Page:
How does and why Orwell use Symbolism in 1984
Orwell’s use of symbols in 1984 is incredibly important in the dystopian environment of 1984. It depicts the characters attempt to remember the past and bring a sense of appreciation to what life was like before the totalitarian powers being the party, took over. For example the glass paperweight is a key symbol in the novel, as it connects and reminds Winston of his past therefore wakening more rebellious senses as the novel goes on. This is crucial as his attempts to reconnect to his memories as any cost, therefore the possible consequence being him “vaporized” and vanished from history.
Another example of symbolism are the telescreens “The telescreen received and transmitted simultaneously. Any sound Winston made, above the level of a very low whisper, would be picked up by it; moreover, so long as he remained within the field of vision which the metal plaque commanded, he could be seen as well as heard.” These are briefly presented earlier on in the novel. The use of these telescreens to gain full control over the citizens of Oceania therefore placing them in every Apartment and also possibly street, to monitor the people’s activity day to day. Any form of wrong doing or suspicious behaviour is then seen by the Thought Police and is immediately reported as insubordinate behaviour therefore possibly leading to rebellion. This is significant as it links to the themes of power. The party taking over and wanting total control over each citizen, suggests the fear is also implemented by using these technologies such as telescreens, but also as a sort of propaganda to merely remind the citizens that they are being watched which also links to the posters of a Josef Stalin lookalike with the slogan overall it shows the governments surveillance and manipulation.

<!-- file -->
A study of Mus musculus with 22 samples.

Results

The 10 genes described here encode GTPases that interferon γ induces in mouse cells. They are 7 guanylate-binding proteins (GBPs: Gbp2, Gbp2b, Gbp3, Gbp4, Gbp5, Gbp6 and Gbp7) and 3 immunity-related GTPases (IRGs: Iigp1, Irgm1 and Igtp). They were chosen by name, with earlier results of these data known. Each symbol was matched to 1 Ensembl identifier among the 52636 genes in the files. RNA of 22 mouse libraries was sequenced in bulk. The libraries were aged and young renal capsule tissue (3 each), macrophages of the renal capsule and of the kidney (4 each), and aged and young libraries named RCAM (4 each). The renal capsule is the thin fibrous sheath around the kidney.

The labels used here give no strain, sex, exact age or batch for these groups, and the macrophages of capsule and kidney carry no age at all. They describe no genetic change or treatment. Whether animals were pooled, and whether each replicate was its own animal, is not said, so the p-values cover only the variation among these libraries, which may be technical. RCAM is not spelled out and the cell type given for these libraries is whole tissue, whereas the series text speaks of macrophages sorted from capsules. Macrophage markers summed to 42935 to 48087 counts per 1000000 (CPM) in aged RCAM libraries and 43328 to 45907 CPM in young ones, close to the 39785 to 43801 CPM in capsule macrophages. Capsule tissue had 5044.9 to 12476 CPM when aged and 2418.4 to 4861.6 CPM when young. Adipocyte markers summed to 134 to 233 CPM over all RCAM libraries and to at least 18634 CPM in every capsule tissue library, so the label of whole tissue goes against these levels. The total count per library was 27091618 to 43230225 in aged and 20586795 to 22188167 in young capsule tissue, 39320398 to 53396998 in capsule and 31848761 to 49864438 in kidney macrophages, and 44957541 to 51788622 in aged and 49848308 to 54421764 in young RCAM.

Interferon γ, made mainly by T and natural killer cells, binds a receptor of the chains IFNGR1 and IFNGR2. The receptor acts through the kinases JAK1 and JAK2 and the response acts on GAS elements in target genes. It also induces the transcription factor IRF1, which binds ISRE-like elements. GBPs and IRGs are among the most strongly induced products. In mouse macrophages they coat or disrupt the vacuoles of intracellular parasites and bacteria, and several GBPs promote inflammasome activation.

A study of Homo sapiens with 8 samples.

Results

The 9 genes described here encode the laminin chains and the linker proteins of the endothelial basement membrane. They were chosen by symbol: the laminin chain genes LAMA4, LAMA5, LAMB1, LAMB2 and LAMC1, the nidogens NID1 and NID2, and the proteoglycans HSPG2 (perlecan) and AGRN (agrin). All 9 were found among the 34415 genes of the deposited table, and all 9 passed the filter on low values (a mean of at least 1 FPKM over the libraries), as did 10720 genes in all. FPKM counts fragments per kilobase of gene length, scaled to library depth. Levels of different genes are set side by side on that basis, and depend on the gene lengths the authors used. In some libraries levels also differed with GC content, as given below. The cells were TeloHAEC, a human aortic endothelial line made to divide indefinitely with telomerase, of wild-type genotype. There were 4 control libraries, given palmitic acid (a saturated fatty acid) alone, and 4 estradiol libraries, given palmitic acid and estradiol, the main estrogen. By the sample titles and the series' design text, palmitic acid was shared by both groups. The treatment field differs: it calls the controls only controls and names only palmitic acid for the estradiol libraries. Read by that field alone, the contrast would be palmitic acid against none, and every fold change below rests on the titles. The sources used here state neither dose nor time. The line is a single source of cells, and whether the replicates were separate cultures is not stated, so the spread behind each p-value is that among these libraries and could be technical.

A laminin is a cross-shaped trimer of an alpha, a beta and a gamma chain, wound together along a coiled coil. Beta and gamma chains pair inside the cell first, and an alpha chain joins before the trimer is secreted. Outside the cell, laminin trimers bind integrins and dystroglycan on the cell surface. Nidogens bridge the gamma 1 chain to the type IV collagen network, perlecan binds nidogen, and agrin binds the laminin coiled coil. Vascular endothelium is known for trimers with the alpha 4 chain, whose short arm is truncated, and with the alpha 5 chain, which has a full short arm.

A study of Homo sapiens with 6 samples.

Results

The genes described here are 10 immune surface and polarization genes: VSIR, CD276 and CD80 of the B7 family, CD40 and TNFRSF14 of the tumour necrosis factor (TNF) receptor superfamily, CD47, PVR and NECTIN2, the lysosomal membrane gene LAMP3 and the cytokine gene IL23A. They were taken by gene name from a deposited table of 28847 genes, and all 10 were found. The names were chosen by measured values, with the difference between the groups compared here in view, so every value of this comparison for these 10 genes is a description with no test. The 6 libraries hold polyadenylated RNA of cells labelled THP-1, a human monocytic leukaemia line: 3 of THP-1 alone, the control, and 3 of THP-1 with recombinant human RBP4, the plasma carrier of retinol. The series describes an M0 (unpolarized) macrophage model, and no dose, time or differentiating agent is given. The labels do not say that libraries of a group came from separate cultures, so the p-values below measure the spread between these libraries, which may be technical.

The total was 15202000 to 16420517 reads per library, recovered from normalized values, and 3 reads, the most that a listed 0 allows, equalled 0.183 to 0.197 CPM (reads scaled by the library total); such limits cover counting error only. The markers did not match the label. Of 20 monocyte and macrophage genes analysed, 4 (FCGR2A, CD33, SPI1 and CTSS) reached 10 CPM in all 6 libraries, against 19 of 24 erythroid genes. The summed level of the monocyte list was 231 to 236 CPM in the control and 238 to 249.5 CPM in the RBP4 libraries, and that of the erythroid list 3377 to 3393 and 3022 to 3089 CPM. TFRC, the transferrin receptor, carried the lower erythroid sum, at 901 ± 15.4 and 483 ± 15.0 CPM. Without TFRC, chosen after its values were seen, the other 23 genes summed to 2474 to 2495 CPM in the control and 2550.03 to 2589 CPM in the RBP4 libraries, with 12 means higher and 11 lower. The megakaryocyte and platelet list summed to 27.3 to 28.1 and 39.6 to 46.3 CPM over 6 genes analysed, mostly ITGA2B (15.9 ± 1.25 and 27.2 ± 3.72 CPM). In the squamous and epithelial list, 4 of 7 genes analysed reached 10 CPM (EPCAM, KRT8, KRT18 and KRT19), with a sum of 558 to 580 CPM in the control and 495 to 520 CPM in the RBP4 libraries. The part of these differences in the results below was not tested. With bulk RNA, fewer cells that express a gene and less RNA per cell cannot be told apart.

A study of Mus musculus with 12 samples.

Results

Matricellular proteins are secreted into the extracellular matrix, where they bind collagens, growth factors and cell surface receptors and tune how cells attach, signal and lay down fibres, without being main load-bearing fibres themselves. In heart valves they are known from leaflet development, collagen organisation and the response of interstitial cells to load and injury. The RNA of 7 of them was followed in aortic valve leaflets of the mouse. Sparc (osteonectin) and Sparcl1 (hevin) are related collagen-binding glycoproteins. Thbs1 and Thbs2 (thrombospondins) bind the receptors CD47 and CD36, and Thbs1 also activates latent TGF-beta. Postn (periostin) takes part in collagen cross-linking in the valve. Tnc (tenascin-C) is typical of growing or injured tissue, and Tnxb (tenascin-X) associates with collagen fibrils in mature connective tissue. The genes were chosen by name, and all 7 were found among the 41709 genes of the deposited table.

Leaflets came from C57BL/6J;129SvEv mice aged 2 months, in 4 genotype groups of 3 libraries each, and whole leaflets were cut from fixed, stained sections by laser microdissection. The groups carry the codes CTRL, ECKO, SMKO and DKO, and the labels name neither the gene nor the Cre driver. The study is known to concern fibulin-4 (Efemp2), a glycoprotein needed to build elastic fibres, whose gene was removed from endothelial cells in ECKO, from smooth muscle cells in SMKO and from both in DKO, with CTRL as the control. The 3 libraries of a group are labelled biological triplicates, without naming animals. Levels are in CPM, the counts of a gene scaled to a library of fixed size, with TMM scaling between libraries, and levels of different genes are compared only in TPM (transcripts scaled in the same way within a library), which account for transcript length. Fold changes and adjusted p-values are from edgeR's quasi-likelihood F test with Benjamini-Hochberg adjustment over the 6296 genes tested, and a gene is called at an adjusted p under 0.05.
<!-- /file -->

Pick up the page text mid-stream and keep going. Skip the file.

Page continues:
Linking to Winston’s past there is a different example of Orwell using symbolism to spark Winston’s idea of the past. For example the old picture of St. Clements Church in Mr. Charringtons shop is yet another representation of Winston’s past. However as Winston admires the picture, he associates it with a known song in which he remembers from the past “Here comes the chopper to chop of your head!” This is significant and therefore foreshadows later event, as Winston does not realise that there is a hidden telescreen behind the picture which later on leads to his arrest by the though police, which symbolises the parties control of the past and the present. Symbolically while the Thought police arrests Winston, the glass paperweight shatters into pieces which suggests that the parties has control over the past therefore destroys it.
With all the attempts of Winston reconnecting to his past, he does not understand the main ideas therefore struggles to assemble the memories into one overall picture of Oceania and what has happened to the world. It became therefore nearly impossible for people to remember the past as the Party gains total control over peoples mind which assures that the citizens will not ask questions nor be eager to learn the truth if they do not know what the real truth is.